This document is adapted from a letter from Thomas Luebke to the GSA dated 5 September 2011.
- 5 September 2011
- Posted by website administrator
The General Services Administration is planning to sell the West Heating Plant, a noteworthy federal property in the Georgetown historic district of Washington, D.C. The building is highly significant in many ways and its future should be carefully considered by various federal and local government entities before final action is taken to dispose of the property.
Before GSA proceeds with a decision regarding the disposal of the West Heating Plant, I strongly encourage an open discussion among the wide range of groups with interest in the future of the property: these include the federal government in its management of its assets, including the National Park Service and its adjacent parklands; the development community; the residents of Georgetown; the District of Columbia government, which may have operational needs involving the site; and those interested in the protection of significant physical structures as part of our national cultural heritage.
The West Heating Plant is the last surviving large-scale industrial building in the Georgetown waterfront neighborhood that may be available for redevelopment. While the sale of the property in the immediate term may yield a high sales price as a redevelopment project, such as to accommodate luxury dwelling units, it is most valuable in the long term precisely for its particular physical, spatial, and historic characteristics that make it an irreplaceable artifact of mid-20th century architecture—and a unique structure in Washington, D.C., with enormous unrealized potential for economic, cultural, and community benefit.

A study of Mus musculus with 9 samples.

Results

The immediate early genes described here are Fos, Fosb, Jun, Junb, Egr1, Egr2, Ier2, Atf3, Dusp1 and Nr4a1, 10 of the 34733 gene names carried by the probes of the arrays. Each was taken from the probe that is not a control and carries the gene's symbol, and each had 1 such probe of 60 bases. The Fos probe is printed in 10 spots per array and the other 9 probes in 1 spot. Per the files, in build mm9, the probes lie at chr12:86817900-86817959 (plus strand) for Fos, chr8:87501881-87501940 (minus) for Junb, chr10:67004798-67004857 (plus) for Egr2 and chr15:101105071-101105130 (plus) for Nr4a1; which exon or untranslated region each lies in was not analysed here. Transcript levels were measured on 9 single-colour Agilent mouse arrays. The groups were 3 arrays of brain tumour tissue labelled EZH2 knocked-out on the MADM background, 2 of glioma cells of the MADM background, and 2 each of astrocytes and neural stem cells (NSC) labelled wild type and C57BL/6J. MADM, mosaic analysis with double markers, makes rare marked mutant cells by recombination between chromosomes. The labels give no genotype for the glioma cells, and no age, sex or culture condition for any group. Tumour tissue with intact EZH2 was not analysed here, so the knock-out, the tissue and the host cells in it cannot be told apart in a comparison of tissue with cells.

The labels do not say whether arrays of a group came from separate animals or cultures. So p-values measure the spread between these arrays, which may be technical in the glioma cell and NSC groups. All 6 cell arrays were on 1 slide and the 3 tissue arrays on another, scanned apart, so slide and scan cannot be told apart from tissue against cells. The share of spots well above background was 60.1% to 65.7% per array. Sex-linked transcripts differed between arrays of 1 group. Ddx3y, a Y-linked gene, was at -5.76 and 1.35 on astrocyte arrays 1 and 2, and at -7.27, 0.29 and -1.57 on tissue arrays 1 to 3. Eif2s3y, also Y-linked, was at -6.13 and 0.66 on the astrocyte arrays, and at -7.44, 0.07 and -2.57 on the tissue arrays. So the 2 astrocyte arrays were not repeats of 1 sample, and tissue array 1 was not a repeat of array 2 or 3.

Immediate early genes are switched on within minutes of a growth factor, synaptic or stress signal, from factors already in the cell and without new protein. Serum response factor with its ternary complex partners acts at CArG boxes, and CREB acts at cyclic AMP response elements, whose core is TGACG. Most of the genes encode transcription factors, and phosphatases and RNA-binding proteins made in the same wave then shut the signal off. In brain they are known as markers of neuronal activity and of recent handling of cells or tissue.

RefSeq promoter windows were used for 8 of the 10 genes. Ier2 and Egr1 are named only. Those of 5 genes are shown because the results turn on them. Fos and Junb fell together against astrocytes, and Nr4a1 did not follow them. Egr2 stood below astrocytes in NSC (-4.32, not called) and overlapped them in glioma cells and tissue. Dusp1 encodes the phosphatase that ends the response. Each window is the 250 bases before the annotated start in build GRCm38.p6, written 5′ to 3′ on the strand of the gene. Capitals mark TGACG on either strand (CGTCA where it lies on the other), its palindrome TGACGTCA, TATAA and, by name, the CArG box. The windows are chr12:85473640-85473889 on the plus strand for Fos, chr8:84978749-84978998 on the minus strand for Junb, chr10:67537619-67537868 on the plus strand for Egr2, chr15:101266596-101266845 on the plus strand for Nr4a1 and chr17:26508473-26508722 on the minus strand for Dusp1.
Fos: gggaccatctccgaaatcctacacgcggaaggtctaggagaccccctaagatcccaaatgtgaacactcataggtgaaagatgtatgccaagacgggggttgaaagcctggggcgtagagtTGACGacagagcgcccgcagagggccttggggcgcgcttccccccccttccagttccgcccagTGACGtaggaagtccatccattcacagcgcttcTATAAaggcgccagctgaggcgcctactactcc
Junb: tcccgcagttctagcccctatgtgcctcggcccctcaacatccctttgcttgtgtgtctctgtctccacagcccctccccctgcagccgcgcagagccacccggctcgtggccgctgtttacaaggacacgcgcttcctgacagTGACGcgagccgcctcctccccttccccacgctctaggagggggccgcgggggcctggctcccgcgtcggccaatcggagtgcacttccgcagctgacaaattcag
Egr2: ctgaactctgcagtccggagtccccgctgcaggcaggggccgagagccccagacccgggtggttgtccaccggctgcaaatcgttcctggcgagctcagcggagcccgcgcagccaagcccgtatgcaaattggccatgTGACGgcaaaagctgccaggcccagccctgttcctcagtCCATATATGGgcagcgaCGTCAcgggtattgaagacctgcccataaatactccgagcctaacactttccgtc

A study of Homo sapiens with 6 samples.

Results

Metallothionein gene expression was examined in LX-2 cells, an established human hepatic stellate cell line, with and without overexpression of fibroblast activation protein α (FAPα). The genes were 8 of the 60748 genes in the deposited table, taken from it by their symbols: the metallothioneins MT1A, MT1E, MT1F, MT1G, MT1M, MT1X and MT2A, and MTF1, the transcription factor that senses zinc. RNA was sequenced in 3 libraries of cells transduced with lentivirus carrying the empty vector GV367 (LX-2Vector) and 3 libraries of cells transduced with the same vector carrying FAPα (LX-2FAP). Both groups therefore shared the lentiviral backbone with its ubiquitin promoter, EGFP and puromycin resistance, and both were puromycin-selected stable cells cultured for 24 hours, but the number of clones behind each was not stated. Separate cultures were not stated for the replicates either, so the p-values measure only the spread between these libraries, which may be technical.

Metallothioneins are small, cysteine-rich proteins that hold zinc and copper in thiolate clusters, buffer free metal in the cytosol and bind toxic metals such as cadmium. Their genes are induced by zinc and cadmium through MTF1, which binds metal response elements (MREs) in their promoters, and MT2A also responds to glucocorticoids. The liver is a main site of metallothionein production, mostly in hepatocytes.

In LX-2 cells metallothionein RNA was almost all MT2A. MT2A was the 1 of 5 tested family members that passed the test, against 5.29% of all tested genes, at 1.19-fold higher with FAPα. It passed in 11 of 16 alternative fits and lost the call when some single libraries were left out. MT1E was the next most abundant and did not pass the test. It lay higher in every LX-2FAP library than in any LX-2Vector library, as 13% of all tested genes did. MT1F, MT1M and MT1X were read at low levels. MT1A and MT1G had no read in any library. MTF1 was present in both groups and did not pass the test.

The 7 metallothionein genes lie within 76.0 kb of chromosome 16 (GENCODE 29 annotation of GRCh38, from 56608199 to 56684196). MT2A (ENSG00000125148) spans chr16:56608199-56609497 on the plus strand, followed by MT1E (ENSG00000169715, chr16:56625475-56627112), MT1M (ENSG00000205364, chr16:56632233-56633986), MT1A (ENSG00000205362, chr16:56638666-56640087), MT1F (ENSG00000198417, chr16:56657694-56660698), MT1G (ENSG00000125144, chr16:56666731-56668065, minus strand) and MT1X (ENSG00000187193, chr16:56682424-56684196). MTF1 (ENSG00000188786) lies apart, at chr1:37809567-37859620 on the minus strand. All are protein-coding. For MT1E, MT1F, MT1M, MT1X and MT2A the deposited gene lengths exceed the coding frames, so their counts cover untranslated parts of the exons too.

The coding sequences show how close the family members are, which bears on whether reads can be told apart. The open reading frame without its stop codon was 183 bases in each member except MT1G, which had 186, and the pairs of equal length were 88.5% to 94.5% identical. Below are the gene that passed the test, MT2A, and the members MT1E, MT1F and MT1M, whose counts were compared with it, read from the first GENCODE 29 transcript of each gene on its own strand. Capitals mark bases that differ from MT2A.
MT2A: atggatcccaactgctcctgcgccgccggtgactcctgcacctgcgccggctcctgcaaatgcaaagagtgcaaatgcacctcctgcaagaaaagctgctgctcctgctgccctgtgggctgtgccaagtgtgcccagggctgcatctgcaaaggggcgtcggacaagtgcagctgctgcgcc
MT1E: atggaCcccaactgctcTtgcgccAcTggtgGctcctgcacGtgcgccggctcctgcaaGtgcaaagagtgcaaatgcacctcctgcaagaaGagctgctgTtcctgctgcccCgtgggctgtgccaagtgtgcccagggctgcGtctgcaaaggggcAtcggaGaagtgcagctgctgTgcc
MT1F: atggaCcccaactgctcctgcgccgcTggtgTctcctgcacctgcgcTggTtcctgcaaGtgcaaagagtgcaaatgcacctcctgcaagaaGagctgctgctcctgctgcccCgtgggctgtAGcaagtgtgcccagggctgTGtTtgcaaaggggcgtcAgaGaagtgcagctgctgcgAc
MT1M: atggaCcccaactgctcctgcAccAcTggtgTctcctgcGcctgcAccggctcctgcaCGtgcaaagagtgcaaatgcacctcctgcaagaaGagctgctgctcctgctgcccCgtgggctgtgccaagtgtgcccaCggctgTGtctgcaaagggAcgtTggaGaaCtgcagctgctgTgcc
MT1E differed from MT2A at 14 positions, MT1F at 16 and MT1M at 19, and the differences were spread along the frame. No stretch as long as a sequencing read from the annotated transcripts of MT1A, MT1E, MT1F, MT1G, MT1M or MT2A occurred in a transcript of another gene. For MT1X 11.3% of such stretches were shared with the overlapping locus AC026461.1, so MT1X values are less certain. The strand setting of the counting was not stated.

Designed in an abstract and heroic Moderne style by consulting local architect William Dewey Foster under the direction of Gilbert Stanley Underwood, Supervising Architect for FWA’s Public Buildings Administration, the West Heating Plant is exemplary of the federal government’s investment in public infrastructure immediately following World War II. Its physical qualities as a massive masonry box—essentially open on the inside except for metal catwalks and platforms holding equipment—may lend itself to unforeseen uses (such as for a cultural institution, with the example of the Tate Modern museum in London) that could be sympathetic to the building as a whole, without substantial exterior alterations that would likely compromise the character and integrity of the property.
For all these reasons, the GSA should engage with the many interested parties in the community to initiate a public discussion about the future of this property—a future that, if handled wisely, may facilitate great public benefit for future generations.
Note: The property was sold in 2013 and is currently under review as a development project.